Artist: Max Richter
Released: 31 August 2012
Conceptually, reinterpreting Vivaldi into “modern” terms and succeeding is not just a composer’s nightmare, but also an outright musical iconostasis bordering on blasphemy. Reinterpreting his Four Seasons suite, then–a definitive monument of the Baroque era, not to mention a milestone of artistic achievement–would be virtually unthinkable. That being said, British composer Max Richter has accomplished a titanic feat with his Recomposed, a masterfully-writ and beautifully-executed postmodern adaptation of Vivaldi’s classic.
Across Recomposed’s 13 tracks, spanning a total run time of about 45 minutes, Richter manages to sift through the colossus that is the original Four Seasons and illuminate the handful of hastily-sketched dots and lines that form the crux of Vivaldi’s construction, reweaving them into a wholly different tapestry. The result is a magnificent collage of vignettes and threads set against a reimagined backdrop that anyone with the most passing knowledge of Vivaldi’s original can immediately connect with while appreciating change. And while Richter’s interpretation consciously and significantly departs enough from the original to deter the most ardent purists, it is one that most others will welcome with open arms.
Structurally, Recomposed is identical to the original. Each “season” is about 10 minutes long, and, in the fashion of the original, chronicles the four seasons. Like the original, it is written for strings (led by violinist Daniel Hope), though Richter has added touches of electronic ambience throughout for additional effect. Right from the start of the Spring passage the elegant synergy in which these two musical realms work is apparent; ethereal synth harmonies and fluttering violins dance around a harp’s cascading tones. Their flirtatious struggle for the foreground creates a sense of idyllic fantasy that rounds off with an elegant dance theme, leading into Summer.
Summer, booming and filled with revelry, surfaces from the clarity of Spring; the silence penetrated first by a few lonesome hums, and then giving way to an intense passage dominated by Hope’s violin. A slow and serene interlude prepares the listener for the last movement, the thundering, movie trailer-esque “Storm,” which, with its almost dance-like pulse, erupts in unrestrained emotion. After three minutes, the booming rhythm gives way suddenly to an eerie, amorphous ambience of aquatic synth which Richter masterfully uses to segue into the more somber tones of the latter seasons.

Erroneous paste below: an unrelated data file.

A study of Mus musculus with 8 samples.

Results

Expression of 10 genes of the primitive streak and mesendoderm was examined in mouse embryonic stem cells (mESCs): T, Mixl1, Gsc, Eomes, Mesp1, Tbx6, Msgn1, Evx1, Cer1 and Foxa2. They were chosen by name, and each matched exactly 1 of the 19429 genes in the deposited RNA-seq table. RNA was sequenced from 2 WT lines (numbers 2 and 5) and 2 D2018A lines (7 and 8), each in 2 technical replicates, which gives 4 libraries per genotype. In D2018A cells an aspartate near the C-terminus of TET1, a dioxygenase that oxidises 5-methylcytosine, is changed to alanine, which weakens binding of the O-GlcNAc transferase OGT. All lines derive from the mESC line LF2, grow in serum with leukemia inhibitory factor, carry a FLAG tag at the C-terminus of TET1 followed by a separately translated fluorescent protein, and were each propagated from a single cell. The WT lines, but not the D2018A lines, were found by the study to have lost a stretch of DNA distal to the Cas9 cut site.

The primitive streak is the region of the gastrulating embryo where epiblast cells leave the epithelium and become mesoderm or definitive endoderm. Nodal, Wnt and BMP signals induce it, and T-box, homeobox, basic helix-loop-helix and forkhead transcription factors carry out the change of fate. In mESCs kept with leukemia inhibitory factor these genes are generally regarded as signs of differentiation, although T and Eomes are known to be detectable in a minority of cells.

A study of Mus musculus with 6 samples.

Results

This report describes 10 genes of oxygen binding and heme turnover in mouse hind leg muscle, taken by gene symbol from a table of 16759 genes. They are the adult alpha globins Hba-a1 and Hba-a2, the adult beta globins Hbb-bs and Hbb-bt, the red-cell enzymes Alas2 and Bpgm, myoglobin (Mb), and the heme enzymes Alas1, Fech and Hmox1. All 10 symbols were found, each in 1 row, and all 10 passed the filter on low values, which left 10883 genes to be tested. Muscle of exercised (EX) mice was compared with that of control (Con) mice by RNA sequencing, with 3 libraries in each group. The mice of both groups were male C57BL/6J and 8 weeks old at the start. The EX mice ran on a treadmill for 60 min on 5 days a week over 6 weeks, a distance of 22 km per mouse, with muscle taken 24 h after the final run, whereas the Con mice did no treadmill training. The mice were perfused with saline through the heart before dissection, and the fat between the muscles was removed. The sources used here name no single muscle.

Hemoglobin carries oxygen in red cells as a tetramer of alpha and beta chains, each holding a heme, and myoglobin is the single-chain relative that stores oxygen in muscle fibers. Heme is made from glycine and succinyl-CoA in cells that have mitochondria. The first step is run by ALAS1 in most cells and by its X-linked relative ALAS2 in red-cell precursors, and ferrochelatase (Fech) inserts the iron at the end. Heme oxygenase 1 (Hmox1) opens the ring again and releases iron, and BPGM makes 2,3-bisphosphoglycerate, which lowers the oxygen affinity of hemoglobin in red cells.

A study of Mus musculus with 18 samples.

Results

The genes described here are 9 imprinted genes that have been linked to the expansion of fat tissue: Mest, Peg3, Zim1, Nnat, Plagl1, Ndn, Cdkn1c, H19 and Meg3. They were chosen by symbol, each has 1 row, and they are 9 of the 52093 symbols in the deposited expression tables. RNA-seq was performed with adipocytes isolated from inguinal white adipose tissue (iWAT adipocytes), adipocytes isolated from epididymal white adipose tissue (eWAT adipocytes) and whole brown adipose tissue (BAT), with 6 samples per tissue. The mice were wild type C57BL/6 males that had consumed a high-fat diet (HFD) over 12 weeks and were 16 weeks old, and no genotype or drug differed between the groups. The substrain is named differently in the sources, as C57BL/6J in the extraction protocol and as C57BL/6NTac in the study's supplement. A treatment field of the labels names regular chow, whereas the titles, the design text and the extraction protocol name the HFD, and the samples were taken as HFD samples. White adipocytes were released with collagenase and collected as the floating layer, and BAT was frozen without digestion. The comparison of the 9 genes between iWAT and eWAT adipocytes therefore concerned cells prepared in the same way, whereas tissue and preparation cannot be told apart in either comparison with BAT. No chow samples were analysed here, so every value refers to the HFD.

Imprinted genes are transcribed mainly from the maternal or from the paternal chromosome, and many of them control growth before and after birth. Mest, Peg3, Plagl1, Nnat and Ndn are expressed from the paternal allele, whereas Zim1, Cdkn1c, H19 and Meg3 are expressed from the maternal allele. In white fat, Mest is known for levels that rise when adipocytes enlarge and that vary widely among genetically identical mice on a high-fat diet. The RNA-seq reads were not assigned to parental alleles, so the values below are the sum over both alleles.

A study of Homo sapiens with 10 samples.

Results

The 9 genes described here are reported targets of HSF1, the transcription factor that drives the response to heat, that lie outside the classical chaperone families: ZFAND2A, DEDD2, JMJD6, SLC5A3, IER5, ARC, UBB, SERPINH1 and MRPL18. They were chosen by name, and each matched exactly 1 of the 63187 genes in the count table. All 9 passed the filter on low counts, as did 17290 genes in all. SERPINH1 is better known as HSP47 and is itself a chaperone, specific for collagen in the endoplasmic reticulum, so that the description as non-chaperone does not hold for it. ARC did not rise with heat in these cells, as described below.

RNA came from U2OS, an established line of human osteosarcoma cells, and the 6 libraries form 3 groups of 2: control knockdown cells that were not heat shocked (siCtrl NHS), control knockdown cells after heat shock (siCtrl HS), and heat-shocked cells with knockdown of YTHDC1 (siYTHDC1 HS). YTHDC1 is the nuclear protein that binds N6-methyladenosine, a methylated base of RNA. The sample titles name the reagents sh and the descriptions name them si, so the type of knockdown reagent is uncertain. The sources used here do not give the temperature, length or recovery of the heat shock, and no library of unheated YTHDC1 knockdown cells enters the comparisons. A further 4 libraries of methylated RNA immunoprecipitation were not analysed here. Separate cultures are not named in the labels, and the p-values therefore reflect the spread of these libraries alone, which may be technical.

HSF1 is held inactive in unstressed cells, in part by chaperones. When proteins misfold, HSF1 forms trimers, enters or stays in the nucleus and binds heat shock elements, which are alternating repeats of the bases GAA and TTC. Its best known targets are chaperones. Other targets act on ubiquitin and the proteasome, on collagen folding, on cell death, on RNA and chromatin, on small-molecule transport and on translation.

Autumn opens with a virtuosic violin passage which seamlessly transitions into a gorgeous amalgam of strings and electronica, ascending from the roaring melodies of the Summer into passages of heart-rending beauty with ambient swell. Drifting arpeggios and undulating scales backed by a potent synth line bring to mind images of leaves falling haphazardly to the ground, brushed casually from the arms of bending trees. The violins build a simple harmony from which a rumbling melody surfaces, surging along with suppressed elegance, heralding Winter’s coming.
Winter emerges with stabbing, Psycho-esque pizzicati, marking the final season’s apocalyptic tone. A relentlessly violent rhythm and angry, staccati-punctuated violin passages evoke icy, biting winds that sweep into a blizzard, blinding, filled with wrath. Abruptly, we are then thrown headlong from this tempest into a desolate atmosphere built around a single, wavering violin weeping over a skeletal synth drone. This trembling melody compounds in waves of coalescent strings as the tone ascends, culminating in the album’s climactic point: a colossal string section which echoes the Spring melody with profound beauty. Slowly, the strings fade out in spiritual dénouement, testament to the interminable cycle of the seasons; and closing the Four Seasons with the very same resplendent beauty by which it began.
The best piece of music is the one that arouses the greatest emotion within the listener and Richter, whose repertoire includes such emotional powerhouses as 2002’s Memoryhouse and 2004’s The Blue Notebooks, is no stranger to stirring souls. Four Seasons succeeds foremost on a highly technical level. For those unacquainted with classical music the rigour and finesse required to play these passages often goes unrecognized and unappreciated, dulling the effect of the piece and lending to the overall tone a quasi-Muzak feel that places it amongst far lesser works. Where Richter succeeds above Vivaldi is in the execution of emotion. He lends to the cold and technical brilliance of Vivaldi’s original a heart overflowing with sentience and movement; and, without detracting from the original’s technical genius, he creates a Four Seasons that is emotionally riveting and primally touching. Richter’s Four Seasons is at once familiar to us as the Four Seasons we all recognize and know but with a fresh, dynamic core. In Four Seasons Richter has created a primordial and serene beauty. He has bestowed upon Vivaldi’s masterpiece a humanity.